Everyday Objects | Borosilicate Glass Kettle

Part of my minimalism has been about collecting better basics. Because I choose to fill my life with fewer objects, I want the pieces that do surround me to be beautiful and meaningful. It’s been a slow process for me. I take my time selecting THE sofa, or THE coffee-making apparatus, or THE scrub brush I want in my home. This is no joke. When we first moved across the country to our current home, we didn’t have a broom. It was one of the many things that got chucked last minute when we mistakenly ended up with the tiniest moving truck possible (more on that in a future post). It took me MONTHS to find the broom I wanted – no plastic whatsoever, beautiful enough to be displayed but functional, ethically made but not expensive. Fortunately/unfortunately, we have mostly carpets in our apartment, so we could manage for a little while without a broom, but the crummies on my kitchen floor were a driving force to find what I wanted. Eventually I did.

Logically, the first of my Everyday Objects posts should be about my broom; it’s generally the example that I pull out to explain my relentless search for the perfect object, but because I don’t want to scare too many people off with an ode to a broom right of the bat, I’ll start with my beloved kettle. I’ve had an ongoing cold/sinus infection/winter yuck for the past two and a half weeks, so my kettle has gotten lots of love in the form of boiling water for ginger tea. Year round, it gets love every morning, heating water for coffee.

Somewhere along the line, post college, it dawned on me that if I buy a placeholder item, I have a much harder time justifying replacing that piece when I find what I really want down the road. So, when possible, I do without until I find THE thing. I had been looking for a kettle casually for months. I wanted something unique and beautiful, but also timeless and functional. I thought about a copper kettle, because, how French? But I could never find one I loved in my price range. I looked at classic enamel versions and options in stainless, but nothing hit the right note. Then, I found this German-made, borosilicate glass kettle.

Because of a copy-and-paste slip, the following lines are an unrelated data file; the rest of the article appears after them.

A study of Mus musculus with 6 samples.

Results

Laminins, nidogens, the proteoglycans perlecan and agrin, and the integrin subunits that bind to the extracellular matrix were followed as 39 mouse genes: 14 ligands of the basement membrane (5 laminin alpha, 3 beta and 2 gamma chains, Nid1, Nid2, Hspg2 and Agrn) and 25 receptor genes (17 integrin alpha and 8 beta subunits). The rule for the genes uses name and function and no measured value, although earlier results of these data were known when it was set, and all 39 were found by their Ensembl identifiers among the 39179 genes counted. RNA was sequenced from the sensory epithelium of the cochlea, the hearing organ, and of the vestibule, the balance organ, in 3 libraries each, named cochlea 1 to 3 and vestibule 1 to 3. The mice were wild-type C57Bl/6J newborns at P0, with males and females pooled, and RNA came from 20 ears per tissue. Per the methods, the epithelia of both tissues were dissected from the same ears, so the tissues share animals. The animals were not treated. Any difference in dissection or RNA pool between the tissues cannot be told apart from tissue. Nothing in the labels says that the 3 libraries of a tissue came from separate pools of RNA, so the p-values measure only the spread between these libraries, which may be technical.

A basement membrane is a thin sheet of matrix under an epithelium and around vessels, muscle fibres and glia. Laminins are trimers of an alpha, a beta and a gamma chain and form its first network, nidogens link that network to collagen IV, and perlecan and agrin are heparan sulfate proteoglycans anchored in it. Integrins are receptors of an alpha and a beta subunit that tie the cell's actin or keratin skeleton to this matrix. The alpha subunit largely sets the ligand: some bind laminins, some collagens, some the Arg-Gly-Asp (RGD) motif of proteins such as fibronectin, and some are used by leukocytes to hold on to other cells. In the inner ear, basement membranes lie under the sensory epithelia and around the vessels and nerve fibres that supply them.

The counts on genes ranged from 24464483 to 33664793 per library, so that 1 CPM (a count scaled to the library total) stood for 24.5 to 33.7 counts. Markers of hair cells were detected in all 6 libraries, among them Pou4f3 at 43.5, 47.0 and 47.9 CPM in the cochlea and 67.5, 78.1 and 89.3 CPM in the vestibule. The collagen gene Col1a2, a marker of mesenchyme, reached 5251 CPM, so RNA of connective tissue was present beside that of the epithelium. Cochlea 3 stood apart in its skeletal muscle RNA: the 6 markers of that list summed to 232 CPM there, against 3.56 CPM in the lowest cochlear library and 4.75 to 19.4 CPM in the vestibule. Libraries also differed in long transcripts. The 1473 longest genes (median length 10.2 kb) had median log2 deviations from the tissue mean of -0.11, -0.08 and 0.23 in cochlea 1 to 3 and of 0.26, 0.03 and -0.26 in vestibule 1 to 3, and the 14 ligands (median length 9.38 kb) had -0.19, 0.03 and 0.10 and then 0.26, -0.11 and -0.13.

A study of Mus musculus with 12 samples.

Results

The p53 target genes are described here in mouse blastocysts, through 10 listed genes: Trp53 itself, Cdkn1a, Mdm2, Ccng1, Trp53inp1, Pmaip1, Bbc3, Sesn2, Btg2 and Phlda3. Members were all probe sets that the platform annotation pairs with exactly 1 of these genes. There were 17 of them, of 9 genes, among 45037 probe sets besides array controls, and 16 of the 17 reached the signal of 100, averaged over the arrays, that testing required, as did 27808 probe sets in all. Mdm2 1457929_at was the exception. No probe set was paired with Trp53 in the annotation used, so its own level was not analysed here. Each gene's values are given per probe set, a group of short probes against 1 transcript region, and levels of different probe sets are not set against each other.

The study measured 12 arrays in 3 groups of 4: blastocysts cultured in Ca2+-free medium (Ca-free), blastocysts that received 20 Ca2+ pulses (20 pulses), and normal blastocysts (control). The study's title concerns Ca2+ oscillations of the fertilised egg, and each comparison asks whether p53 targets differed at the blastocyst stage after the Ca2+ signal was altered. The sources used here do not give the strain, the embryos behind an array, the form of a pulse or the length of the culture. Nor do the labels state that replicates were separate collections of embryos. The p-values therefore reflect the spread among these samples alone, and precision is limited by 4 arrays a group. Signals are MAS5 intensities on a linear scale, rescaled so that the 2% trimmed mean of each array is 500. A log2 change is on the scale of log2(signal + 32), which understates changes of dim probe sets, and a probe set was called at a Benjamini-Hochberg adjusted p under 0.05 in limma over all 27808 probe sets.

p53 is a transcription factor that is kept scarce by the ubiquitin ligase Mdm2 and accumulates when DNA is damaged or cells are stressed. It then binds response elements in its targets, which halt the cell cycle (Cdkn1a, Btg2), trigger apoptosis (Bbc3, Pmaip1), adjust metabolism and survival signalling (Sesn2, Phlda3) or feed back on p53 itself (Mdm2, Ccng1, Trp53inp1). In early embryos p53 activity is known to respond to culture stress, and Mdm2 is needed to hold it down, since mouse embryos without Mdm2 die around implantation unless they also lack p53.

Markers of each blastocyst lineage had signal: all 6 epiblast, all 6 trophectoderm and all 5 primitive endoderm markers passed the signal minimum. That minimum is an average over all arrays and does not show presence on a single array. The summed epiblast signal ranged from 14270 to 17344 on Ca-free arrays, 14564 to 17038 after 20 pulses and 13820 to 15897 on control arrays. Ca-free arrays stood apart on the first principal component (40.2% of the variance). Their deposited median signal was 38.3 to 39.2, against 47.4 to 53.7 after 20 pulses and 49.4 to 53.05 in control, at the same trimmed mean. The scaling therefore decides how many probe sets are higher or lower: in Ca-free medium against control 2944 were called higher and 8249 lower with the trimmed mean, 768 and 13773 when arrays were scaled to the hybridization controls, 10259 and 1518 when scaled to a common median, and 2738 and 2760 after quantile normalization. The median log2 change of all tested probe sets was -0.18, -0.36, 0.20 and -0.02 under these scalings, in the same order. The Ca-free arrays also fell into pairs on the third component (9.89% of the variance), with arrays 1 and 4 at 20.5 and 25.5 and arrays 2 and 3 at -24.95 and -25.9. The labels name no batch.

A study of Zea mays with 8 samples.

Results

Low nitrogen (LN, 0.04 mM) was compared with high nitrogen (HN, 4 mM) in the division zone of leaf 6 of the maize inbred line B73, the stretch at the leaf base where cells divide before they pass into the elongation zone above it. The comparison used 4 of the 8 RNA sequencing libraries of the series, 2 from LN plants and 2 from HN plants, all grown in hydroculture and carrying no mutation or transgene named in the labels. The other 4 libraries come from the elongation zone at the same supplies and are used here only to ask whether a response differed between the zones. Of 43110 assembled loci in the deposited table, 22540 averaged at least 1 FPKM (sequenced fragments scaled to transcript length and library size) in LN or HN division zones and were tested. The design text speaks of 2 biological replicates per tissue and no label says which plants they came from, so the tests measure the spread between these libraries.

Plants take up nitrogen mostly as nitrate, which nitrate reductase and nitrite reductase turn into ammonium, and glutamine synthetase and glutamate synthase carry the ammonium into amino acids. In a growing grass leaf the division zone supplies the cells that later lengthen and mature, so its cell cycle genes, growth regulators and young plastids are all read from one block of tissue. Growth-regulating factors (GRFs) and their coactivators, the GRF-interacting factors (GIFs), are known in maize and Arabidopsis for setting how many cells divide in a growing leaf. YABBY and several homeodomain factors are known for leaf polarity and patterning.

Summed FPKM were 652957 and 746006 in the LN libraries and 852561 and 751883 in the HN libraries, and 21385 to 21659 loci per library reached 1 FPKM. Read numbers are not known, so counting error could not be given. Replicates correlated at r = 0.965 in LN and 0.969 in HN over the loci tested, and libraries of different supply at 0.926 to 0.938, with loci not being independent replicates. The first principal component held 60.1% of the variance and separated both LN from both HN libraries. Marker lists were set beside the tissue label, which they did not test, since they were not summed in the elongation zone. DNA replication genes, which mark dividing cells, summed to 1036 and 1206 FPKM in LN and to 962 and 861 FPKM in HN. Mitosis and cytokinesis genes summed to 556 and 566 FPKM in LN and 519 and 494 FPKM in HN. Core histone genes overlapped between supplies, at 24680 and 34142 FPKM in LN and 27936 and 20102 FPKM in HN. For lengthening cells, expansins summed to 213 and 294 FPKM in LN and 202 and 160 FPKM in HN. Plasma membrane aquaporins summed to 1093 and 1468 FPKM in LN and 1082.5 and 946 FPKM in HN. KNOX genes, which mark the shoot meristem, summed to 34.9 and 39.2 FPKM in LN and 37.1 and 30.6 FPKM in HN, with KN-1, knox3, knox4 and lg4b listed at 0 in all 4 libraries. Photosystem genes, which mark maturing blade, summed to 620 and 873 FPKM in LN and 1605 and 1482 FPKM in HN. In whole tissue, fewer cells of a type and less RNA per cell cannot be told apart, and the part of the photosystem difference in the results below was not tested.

Once I clapped eyes on this kettle, I was sold. No other kettle would do. But I am a little bit spend-thrifty, so I waited. There’s something about knowing exactly what I want and waiting for it, stalking it, trying to find it on sale or waiting for birthday or holiday money to purchase it that makes finally owning that item that much more delicious. I’ll talk more about this concept when I finally get around to finishing the introductory minimal wardrobe posts I’m cooking up, but over the past couple of years, I’ve found a lot of satisfaction in shopping this way. I really like that the pieces I own each have a story and come from a brand that I can respect.


Knowing I was obsessed with this beautiful, borosilicate kettle, my husband gave it to me for Christmas last year. Yeah, he’s pretty smooth. It makes me feel like a kid again, that excitement of opening a gift and realizing it’s something I’ve been pining for. It makes me really take pride in the things that I own. These days, I’m slowly working towards owning less and replacing all of my placeholder items with objects I love. One piece at a time.